Grand Larceny in Virginia


What is Grand Larceny in Virginia?

Grand Larceny in Virginia is defined by Va. Code 18.2-95:

“Any person who (i) commits larceny from the person of another of money or other thing of value of $5 or more, (ii) commits simple larceny not from the person of another of goods and chattels of the value of $1,000 or more, or (iii) commits simple larceny not from the person of another of any firearm, regardless of …value, shall be guilty of grand larceny, punishable … for not less than one nor more than 20 years or, in the discretion of the jury or court trying the case without a jury, be confined in jail for a period not exceeding 12 months or fined not more than $2,500, either or both.”

Va. Code 18.2-95

What is the Difference Between Grand Larceny and Petit Larceny?

Virginia defines all theft and theft-related crimes as “Larceny,” which includes both petit and grand larceny. The difference between the two is the dollar amount in controversy. You will be charged with grand larceny for taking more than $5 off of a person or taking goods from a store worth $1,000 or more. Also, a third or subsequent charge of larceny in Virginia is Grand Larceny regardless of the dollar amount.

How is Grand Larceny punished in Virginia?

If convicted, Grand Larceny is a felony criminal conviction that carries up to 20 years in jail as punishment. If convicted you might owe civil liabilities on top of the criminal punishment. (Va. Code Ann. § 8.01-44.4(a)).

“A merchant may recover civil judgment against any adult who shoplifts from that merchant for two times the unpaid retail value of the merchandise, but in no event an amount less than $50. However, if the merchant recovers the merchandise in merchantable condition, he shall be entitled to liquidated damages of no more than $350.”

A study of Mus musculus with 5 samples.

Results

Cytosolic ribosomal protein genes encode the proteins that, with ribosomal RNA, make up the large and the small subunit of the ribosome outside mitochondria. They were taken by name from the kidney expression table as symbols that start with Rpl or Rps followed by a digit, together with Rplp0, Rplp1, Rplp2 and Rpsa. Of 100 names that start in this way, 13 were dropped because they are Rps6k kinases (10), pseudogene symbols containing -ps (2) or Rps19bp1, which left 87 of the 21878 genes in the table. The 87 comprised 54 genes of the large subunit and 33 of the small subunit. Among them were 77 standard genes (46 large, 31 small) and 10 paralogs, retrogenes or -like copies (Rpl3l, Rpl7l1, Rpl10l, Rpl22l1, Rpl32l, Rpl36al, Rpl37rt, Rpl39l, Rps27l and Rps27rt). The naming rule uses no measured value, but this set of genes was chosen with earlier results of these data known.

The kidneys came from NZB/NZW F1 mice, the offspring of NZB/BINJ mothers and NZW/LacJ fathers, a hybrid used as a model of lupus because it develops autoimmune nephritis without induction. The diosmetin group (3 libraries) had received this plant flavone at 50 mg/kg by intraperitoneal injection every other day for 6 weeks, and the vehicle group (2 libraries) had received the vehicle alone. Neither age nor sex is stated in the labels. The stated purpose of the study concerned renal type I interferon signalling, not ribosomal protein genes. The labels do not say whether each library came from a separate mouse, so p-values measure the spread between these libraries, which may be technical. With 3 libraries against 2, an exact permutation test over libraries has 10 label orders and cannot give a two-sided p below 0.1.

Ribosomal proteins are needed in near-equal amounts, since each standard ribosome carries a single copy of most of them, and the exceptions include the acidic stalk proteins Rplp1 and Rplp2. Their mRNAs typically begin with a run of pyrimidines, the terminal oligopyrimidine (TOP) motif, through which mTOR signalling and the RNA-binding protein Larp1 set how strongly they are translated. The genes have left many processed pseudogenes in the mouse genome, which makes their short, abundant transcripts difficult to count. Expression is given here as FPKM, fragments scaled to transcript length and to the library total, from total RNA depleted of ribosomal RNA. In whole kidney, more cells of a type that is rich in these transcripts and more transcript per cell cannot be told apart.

Va. Code Ann. § 8.01-44.4(a)

Consult with Experienced Larceny Attorneys?

An attorney can be crucial in a larceny case. The Commonwealth has to prove that you took an item with a value of $1,000 or more, without the owner’s consent, and that you intended to permanently deprive the owner of this property.

An attorney can help you ensure whether these elements can be proven in court. If the prosecution cannot prove the elements, then an attorney will vigorously defend your rights at a trial. If the prosecution can prove the elements, then an attorney may be instrumental in negotiating a reasonable plea agreement or advising you on any alternative disposition options that you may have. Speak with an attorney before considering any plea offer.

Grand larceny is a felony charge which cannot be expunged in Virginia. This can impact your future employment, immigration status, and security clearance among other issues.

While each case is different, attorneys from our office have successfully had charges dismissed, mitigated, or lowered to misdemeanors for their clients. Contact us today for a consultation.